Finance

Britain’s construction sector fought back in April — and it is a good sign for the economy

Cranes are seen on a construction site in London's financial district of Canary Wharf, Britain December 1, 2016. REUTERS/Kevin CoombsReuters / Kevin Coombs

LONDON — Growth in Britain’s construction sector unexpectedly accelerated in April, according to the latest PMI figures from IHS Markit on Wednesday.

IHS Markit and CIPS’ latest PMI release for the construction sector — which measures expectations of growth — came in at 53.1 for the month of April.

That was up from the 52.2 reading in March, and well above the 52 forecast by economists prior to the release.

The purchasing managers index (PMI) figures from IHS Markit are given as a number between 0 and 100.

Anything above 50 signals growth, while anything below means a contraction in activity — so the higher the number is, the better things look for the UK.

“With the biggest rise in new orders since the beginning of the year, the sector is in a strong preelection position buoyed up by a hardy UK economy and strong client confidence,” Duncan Brock, director of customer relationships at the Chartered Institute of Procurement & Supply said.

“The housing sector offered up the best news recovering from last month’s minor blip and building on its strongest performance since the end of last year.”

Here is the chart:

Screen Shot 2017 05 03 at 09.35.46IHS Markit

The sector was boosted in the month of April, the survey showed, by increased residential housebuilding activity, essentially meaning that more houses were built. “UK construction companies reported a solid start to the second quarter of 2017, helped by faster rises in civil engineering and residential building activity,” IHS Markit’s release said.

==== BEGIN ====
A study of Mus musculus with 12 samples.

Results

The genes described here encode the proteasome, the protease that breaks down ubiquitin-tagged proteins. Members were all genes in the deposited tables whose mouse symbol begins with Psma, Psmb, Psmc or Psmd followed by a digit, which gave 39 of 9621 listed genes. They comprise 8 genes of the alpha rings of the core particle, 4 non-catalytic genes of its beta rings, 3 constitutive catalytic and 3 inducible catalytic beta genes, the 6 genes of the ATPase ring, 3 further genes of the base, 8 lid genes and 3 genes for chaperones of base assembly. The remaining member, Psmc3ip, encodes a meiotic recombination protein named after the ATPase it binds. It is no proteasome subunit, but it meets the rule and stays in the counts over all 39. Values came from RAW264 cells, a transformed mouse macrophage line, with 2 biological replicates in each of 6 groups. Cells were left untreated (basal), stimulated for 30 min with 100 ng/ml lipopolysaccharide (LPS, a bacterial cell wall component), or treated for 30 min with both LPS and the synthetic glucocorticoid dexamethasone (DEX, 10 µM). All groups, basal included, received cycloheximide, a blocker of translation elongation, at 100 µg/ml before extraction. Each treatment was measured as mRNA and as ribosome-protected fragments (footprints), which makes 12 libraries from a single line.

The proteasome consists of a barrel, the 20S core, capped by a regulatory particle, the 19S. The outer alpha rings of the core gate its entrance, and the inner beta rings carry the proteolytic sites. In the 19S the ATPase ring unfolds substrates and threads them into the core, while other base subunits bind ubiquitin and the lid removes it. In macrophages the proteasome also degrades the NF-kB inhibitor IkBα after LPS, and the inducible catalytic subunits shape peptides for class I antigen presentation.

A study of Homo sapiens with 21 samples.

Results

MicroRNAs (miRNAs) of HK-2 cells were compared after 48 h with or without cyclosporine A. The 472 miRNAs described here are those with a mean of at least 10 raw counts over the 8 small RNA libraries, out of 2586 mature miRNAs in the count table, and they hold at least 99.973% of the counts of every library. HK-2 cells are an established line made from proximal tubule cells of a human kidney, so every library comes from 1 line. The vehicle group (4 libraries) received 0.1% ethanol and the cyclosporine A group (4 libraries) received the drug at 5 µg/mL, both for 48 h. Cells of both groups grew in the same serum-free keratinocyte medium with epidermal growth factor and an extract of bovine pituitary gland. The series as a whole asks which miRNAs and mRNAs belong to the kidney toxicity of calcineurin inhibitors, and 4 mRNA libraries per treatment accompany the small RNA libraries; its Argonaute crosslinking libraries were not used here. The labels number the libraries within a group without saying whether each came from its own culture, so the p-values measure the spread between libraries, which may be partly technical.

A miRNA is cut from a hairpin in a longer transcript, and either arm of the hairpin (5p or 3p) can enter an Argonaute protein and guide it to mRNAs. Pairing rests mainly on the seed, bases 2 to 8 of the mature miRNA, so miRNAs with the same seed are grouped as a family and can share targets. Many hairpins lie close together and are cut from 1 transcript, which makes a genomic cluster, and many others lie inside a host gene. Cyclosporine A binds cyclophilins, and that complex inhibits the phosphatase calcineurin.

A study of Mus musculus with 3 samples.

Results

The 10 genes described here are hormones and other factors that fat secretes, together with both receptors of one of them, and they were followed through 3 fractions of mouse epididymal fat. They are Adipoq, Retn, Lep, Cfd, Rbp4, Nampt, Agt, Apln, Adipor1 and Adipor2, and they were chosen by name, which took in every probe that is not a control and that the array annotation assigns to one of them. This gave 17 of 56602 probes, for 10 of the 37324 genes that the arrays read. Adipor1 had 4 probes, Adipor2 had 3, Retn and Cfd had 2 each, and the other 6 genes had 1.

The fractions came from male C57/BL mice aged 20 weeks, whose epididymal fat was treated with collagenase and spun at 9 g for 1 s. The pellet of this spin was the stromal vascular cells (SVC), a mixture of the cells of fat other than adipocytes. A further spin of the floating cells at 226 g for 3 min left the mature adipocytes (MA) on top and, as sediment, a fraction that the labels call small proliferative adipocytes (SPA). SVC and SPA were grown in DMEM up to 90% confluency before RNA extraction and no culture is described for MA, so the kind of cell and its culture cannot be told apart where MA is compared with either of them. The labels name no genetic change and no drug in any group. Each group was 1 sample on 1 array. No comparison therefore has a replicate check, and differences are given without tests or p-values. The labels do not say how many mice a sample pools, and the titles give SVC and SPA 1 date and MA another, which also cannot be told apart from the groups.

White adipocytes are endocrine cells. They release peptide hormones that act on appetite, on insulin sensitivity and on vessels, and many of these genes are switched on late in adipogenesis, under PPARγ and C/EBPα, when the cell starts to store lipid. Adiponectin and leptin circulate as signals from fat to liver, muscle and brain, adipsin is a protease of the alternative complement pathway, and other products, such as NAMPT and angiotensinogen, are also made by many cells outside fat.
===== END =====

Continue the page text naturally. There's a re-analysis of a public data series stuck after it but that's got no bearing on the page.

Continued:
“April data pointed to a solid upturn in new work received by UK construction companies, with the rate of expansion the strongest seen so far this year. However, mirroring the trend seen for business activity, the latest upturn in new work remained much slower than seen at the peak phase of the recovery in early-2014.”

Construction PMIs collapsed in the immediate aftermath of the UK’s vote to leave the European Union last summer, but as the dust settledthe ship steadied somewhat in August, beforereturning to growth in September, shocking economists.That expansion has continued in early 2017, with a small blip in March, when growth slowed substantial, the one exception to that trend.

Wednesday’s numbers come 24 hours after IHS Markit’s PMI data showed that the UK’s manufacturing sector is moving at “such a pace that suppliers are struggling to keep up with demand.” Markit’s survey of the manufacturing sector hit a level of 57.3, bouncing back from a poor March, and hitting its highest level in three years in April.